When it comes to the discussing the climate change implications of ExxonMobil’s offshore projects, one of the most critical partners that has been absent from the table is the Office of Climate Change (OCC). Making this admission recently was Head of the Environmental Protection Agency (EPA) Head, Dr. Vincent Adams.
The official said, “In all honesty, we have not been communicating directly with them and that is one of the issues we need to address, everyone in their own lane. That is one of the weaknesses in the whole system, us coordinating as government agencies. I don’t know what the Office of Climate Change is doing but we are doing our part in understanding the emissions of these projects. That is supposed to be covered in the Environmental Impact Assessment (EIA)…”
It should be noted that the EPA is without the requisite expertise to effectively assess the information provided in EIAs by oil companies like ExxonMobil. It is also incapable of conducting an independent assessment on emissions to challenge the veracity of the findings presented in the company’s EIAs.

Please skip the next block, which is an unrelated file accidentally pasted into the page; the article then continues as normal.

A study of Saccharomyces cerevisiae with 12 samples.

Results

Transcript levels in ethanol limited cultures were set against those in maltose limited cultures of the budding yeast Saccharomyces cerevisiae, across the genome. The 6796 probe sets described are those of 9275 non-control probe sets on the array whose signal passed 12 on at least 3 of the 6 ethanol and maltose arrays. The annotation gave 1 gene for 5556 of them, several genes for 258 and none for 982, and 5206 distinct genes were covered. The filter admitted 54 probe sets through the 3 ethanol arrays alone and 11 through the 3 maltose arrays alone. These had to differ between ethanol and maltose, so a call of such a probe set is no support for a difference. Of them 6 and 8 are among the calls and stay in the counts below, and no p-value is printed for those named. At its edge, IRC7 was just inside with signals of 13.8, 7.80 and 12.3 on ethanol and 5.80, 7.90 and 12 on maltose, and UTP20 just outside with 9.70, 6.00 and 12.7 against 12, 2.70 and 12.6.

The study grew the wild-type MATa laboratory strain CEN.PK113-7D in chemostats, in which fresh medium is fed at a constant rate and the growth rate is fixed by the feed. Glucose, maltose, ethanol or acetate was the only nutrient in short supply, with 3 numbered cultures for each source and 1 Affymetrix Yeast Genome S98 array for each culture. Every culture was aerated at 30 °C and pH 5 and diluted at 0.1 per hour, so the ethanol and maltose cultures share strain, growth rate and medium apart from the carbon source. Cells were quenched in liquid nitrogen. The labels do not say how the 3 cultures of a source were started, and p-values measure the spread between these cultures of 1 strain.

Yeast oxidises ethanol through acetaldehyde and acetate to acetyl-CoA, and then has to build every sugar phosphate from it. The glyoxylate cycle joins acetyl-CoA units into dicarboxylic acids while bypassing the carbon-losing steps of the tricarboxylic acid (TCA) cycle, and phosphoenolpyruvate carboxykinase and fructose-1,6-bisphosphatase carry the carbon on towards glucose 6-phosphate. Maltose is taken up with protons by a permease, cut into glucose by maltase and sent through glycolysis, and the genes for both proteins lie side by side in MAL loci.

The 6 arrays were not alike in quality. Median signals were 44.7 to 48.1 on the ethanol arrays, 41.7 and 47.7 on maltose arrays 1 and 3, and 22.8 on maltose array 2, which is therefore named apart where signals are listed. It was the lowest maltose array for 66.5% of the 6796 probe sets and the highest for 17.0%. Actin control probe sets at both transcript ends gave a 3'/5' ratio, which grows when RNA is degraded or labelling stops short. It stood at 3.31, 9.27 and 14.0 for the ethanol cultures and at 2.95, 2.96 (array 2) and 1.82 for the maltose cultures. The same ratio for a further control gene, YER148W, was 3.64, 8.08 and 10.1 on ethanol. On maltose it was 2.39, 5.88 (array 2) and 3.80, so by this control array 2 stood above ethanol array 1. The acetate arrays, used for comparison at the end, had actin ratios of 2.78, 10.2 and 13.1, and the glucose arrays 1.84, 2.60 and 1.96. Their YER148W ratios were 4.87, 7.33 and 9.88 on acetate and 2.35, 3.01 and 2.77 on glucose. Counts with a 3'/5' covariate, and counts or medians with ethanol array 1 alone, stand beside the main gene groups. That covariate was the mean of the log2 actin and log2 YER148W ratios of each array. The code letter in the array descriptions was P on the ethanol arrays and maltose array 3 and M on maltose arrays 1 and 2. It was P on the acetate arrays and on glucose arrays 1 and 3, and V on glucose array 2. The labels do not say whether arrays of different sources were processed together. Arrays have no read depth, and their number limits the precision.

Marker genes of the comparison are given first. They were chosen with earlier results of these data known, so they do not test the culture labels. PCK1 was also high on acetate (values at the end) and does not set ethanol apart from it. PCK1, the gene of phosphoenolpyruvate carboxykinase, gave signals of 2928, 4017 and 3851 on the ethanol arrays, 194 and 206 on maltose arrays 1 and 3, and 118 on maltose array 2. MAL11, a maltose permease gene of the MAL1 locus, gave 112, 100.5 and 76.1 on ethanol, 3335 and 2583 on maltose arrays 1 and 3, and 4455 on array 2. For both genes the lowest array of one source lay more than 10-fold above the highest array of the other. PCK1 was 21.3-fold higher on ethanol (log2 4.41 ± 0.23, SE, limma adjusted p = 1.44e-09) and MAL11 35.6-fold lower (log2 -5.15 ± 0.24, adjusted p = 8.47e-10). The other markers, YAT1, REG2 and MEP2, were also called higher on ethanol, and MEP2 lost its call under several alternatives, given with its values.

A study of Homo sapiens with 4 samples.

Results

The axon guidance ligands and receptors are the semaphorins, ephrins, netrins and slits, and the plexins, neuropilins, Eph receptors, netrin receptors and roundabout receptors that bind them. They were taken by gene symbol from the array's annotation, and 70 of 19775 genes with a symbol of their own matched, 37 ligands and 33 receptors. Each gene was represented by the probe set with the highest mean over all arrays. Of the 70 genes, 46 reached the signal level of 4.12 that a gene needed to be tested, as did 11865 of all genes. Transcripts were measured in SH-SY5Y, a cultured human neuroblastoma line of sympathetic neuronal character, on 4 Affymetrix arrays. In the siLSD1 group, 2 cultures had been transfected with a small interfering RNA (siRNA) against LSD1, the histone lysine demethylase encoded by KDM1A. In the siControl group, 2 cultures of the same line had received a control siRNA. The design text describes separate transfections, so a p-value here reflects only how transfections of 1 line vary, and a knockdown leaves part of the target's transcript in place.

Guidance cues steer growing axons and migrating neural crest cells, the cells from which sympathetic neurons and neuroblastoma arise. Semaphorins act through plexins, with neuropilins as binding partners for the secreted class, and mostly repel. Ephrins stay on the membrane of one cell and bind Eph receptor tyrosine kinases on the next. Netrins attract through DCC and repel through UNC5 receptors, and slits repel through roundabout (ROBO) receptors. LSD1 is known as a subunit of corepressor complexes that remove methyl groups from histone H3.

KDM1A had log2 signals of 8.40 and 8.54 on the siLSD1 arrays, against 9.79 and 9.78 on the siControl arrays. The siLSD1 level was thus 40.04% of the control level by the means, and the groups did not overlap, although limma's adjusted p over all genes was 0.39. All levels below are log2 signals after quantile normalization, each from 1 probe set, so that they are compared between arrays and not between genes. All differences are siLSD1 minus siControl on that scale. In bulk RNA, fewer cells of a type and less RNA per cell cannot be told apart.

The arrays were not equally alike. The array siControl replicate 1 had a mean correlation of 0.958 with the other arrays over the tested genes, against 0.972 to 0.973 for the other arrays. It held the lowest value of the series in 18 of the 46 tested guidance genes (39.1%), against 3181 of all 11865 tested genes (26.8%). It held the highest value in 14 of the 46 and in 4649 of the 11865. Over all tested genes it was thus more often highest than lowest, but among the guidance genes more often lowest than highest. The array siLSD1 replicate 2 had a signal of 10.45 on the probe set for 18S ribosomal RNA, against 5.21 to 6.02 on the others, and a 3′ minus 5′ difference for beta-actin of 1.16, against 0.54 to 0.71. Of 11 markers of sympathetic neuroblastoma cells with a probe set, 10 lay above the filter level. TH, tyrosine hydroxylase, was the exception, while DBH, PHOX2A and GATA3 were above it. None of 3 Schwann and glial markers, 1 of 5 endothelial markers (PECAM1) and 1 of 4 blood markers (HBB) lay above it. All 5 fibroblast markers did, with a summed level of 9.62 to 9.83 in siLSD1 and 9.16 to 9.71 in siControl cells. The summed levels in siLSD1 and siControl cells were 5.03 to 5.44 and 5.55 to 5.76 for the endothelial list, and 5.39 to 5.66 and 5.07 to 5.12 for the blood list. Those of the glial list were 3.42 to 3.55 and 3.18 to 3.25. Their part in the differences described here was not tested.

The EPA Head said he is not blaming the OCC for not being part of the discussions but rather, his own agency which he said should have taken the initiative of getting them involved in the process.
He said that the only agencies that have been at the heart of the discussions are the EPA, the Department of Energy and the Guyana Geology and Mines Commission (GGMC).
In the last few months, several questions have been raised about the impact of ExxonMobil’s projects as it relates to increasing Guyana’s carbon footprint. These concerns were sparked by revelations in the media that ExxonMobil flared over nine billion cubic feet of associated gas since last year December. Dr. Adams told Guyana Standard that the oil giant is working to bring an end to the flaring. He said that the company had to resort to burning the gas due to mechanical issues it experienced during the commissioning of its gas compressor. He said that ExxonMobil is still flaring about 12 million cubic feet of gas per day.